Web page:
Never have George Santayana’s immortal words been more meaningful than they are today following Poland’s decision to make it state policy that they had nothing to do with the deaths of 6 million innocent Jews during the Holocaust.
“Those who cannot remember the past are doomed to relive it,” wrote Santayana, with a line that will resonate throughout the ages.
Poland was a victim of Nazi oppression during the Second World War. But no nation in the history of the world was more virulently anti-Semitic throughout the centuries leading up to it and after it than the Poles, and they showed their colors during the Second World War and in the years immediately following it.
The Nazis hated the Poles almost as much as they hated the Jews, and communists, midgets, priests, Catholics, homosexuals and the handicapped.
The Nazis killed about 2 million Poles, a testament to their hatred for the Poles.
However, the Nazis in their immense desire to finish off Jewish life in Europe used Poland as the center of the death camp machinery that almost succeeded in doing just that.
They used Poland because they understood what gleeful slaughterers of Jews the Poles would be.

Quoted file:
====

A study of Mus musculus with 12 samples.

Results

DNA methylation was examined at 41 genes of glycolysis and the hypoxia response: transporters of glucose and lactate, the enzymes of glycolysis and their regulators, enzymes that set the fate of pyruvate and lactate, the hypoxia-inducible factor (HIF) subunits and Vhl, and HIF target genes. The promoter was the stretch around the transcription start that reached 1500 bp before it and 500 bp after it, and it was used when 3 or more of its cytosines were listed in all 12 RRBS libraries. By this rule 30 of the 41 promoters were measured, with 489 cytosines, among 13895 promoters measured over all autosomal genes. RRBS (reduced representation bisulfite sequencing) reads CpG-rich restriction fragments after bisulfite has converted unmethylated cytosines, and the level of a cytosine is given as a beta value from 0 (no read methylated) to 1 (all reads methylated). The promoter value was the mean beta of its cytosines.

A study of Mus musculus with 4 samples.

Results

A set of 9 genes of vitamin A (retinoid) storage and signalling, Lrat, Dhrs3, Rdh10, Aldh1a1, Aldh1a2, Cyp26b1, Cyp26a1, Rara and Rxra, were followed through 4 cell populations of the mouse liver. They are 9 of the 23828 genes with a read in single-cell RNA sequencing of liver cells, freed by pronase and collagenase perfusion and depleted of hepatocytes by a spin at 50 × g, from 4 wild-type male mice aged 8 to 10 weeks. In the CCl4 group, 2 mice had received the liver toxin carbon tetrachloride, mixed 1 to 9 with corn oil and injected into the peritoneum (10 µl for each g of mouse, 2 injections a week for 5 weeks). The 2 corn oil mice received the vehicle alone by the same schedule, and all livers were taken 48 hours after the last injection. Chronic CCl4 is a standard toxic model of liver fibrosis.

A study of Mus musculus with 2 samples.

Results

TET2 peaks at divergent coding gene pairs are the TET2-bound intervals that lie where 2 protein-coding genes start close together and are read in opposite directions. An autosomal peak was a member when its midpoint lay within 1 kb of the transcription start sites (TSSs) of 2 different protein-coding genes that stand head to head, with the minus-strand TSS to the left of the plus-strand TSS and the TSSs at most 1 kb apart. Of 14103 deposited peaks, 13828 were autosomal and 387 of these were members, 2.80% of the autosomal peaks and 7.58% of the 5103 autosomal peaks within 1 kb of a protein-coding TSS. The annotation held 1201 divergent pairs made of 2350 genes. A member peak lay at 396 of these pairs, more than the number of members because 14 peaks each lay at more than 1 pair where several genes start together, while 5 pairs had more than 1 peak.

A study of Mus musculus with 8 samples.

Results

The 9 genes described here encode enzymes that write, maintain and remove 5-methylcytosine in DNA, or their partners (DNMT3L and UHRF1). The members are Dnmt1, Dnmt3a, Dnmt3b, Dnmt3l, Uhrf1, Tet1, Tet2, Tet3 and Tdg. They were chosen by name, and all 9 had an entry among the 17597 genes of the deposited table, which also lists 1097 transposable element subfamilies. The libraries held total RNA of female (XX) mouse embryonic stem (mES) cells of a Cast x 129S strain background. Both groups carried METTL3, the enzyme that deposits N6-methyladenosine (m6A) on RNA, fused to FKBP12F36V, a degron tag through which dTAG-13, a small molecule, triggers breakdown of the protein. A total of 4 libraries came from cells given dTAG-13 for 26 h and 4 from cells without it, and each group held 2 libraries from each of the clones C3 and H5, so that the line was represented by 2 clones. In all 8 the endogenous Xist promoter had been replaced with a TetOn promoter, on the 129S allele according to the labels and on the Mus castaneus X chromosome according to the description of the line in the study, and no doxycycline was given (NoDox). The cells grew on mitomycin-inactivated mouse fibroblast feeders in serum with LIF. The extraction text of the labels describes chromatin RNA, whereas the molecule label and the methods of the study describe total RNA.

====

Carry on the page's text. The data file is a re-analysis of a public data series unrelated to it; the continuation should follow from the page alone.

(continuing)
By building nearly all the death camps in Poland, and having a Polish workforce work them, they achieved two things — the death of millions of Jews and the use of Poles who always hated Jews to carry out their edict.
And so the Poles did this because they had to or they were put in the death chambers in the death camps.
The Poles obeyed the Nazis with enthusiastic zeal.
When the war was over, and the pathetic few Jews that remained in Poland tried to recover their lives, the Poles heaped upon them some of the worst pogroms in Polish history.
Jews trying to recover their possessions or their homes were slaughtered in post-war Poland.
What must be kept in mind always is that pre-war Poland had a Jewish population of about 3 million.
Post war Poland’s Jewish population was about 6,000.
That’s quite a thing for a people now trying to change history so it can be erased and revised.
On February 1, Poland’s Senate passed a law banning people from linking the Polish state to the Holocaust.
That’s quite piece of legislation the Polish Senate passed.
They are trying to legislate memory as was written in the Irish Independent this week.
“The greatest crisis of our age is not the threat of nuclear weapons or even climate change – terrifying as they both are — but the steady retreat from rationality, the idea that truth is what the powerful legislate it to be; it is felt in the repetition of lies that are believed and regurgitated by partisan masses, in the contempt for the enlightenment values of rational inquiry and discourse,” writes Fergal Keane in the Sunday Times.
“Throughout history, humankind has shown an exceptional ability to create necessary fictions that bolster the origin myths of nations and peoples. Despite all the suffering caused by this, we have not learned yet that in ignoring the darker claims of the past, we risk no end of trouble. Little wonder that intolerance according to race, religion and creed are on the rise everywhere,” he wrote.